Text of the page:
08 Jun Demand for Self Storage Grows in Houston Despite Poor Oil Market
By Alex Hassel, Storage.com
Despite plummeting oil prices in a city where the energy source is an economic force, people continued to flock to Houston more than any other U.S. city in 2015. According to U-Haul, for the seventh year in a row, Houston ranked as the most popular drop-off location for one-way truck rentals.
Houston has seen steady growth in recent years. The U.S. Census Bureau reported that Houston’s population count went from just over 2 million in 2010 to 2.2 million in 2015. According to the Houston Business Journal (HBJ), fracking was largely responsible for the increase, bringing 500,000 jobs to the region. However, momentum slowed in 2015 when oil prices fell, and the energy sector was forced to cut more than 4,000 jobs in the Houston market.
Patrick Jankowski, Senior Vice President of Research for the Greater Houston Partnership, told HBJ that the oil downturn wouldn’t cause Houston’s economy to collapse. At Transwestern Houston’s Trendlines event in November 2015, Jankowski said the Port of Houston, the city’s airports, and the Texas Medical Center were strong enough to keep the city afloat.
“Houston isn’t going to disappear in this downturn,” Jankowski said at the event. “The economy won’t collapse, but some sections will be hurt, some severely.”
Still, even though economic concerns developed throughout 2015, U-Haul’s report shows that the population kept growing. Houston realtor Paul Silverman says that’s what he experienced in the housing market as well.
“From 2013 to mid-2015, it was so busy, it was crazy,” Silverman explains. “It was when the oil prices started going down that the craziness started going away. Properties were still getting multiple offers, and it was really busy, but fortunately when the oil drop hit, the housing market was so high to begin with that it could absorb the blow. Now, it’s just a good market and not on fire.”
Silverman says there’s no particular place where newcomers are settling down in Houston, but he believes it depends on where they get jobs. In terms of whether new residents buy or rent homes when they arrive, he says it’s a good mix.
Developers seem to be working hard to keep up with growing demand for housing, too. A report from Forbes listed Houston as the third best city addressing the U.S. housing shortage. The city gave out 189,634 building permits for homes between 2011 and 2014, which was the most in the nation over that time.
The population growth has trickled down to the self storage industry as well. Jeremy Mejia, a storage consultant with Sentry Self Storage at 707 Maxey Rd. in Houston, says many of the people moving to the city have been coming to his property. His facility is at 80% occupancy, although he says that’s low due to some changes in management, but adds that most other facilities are more than 90% full.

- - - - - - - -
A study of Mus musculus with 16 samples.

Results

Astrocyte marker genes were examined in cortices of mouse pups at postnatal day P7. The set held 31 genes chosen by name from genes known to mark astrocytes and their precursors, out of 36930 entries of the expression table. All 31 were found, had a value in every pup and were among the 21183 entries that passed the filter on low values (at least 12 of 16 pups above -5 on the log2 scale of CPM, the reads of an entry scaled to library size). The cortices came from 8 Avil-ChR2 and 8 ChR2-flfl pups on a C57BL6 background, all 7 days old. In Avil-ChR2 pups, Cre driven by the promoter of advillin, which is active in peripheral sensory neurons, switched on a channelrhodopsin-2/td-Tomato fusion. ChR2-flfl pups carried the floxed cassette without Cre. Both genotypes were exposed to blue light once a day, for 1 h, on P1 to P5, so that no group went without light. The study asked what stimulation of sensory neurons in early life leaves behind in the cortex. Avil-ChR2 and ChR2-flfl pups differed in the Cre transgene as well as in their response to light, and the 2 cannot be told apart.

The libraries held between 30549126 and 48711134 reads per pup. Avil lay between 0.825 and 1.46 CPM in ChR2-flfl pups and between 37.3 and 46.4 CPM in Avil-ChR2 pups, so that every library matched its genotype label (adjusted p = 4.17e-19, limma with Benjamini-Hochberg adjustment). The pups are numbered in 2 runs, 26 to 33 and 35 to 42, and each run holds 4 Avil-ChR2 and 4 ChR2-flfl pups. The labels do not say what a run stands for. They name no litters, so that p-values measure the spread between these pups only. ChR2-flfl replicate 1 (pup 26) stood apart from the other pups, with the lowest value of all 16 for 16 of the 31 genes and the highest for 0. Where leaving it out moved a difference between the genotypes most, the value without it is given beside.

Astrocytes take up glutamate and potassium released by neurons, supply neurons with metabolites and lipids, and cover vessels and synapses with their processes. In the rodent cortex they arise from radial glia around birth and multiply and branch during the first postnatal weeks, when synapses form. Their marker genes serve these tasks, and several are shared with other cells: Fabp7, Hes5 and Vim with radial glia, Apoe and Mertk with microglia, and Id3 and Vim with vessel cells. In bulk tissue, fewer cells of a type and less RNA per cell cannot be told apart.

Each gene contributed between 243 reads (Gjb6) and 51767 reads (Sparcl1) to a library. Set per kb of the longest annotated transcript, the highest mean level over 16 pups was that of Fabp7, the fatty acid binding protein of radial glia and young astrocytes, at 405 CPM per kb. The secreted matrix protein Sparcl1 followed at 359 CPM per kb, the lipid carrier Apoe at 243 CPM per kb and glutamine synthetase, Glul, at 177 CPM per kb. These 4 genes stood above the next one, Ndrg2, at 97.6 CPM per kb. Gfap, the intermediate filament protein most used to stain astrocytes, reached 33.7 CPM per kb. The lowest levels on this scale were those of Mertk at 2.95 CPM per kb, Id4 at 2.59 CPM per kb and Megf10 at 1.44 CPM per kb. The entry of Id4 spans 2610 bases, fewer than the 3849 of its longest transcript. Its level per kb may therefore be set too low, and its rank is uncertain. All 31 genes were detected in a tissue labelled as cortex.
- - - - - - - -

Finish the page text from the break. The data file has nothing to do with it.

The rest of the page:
“It’s been booming here for the past three years,” he says. “We especially see a lot of people moving during the summer season. We see a lot of people from California and the East Coast, and a few days ago, we even had a mover from New York.”
Tim Cohan, a manager at Voss Rd Storage at 15492 Voss Rd. in nearby Sugarland, says he’s seeing a different kind of benefit at his facility. The demand for new housing in Houston has brought contractors and other businesses who need storage to the area.
“My occupancy stays high here,” Cohan explains. “I’ve been running this facility for three years, and I generally average around 95% to 98%. A lot of my clientele is business owners, construction contractors, landscapers, pressure washers, and people like that. They’re looking for a place to keep their materials and equipment. We do get some people moving, but it’s mostly the contractors and such as a result of the homes going up.”
To keep up with the increasing demand, both companies are adding new storage space to the region.
“We know our competitors are selling out on smaller units,” Mejia says. “With Sentry, we’re expanding in Houston. We have over seven properties and counting.”
“We’re adding another building at this facility,” says Cohan. “Our current facility is 77,000 square feet, and we’ll be adding 15,000. We also just bought another piece of property, and the architects are working on plans for a 100,000 square foot facility.”
It’s unclear exactly what could be in Houston’s future. At the Transwestern Houston’s Trendlines event, Jankowski predicted that the oil market had reached the middle of the downturn. He also thought, at the time, that the drop could last for another 12 to 18 months. In January 2016, HBJ reported that it’s unknown how the poor oil market could affect the Houston’s population moving forward.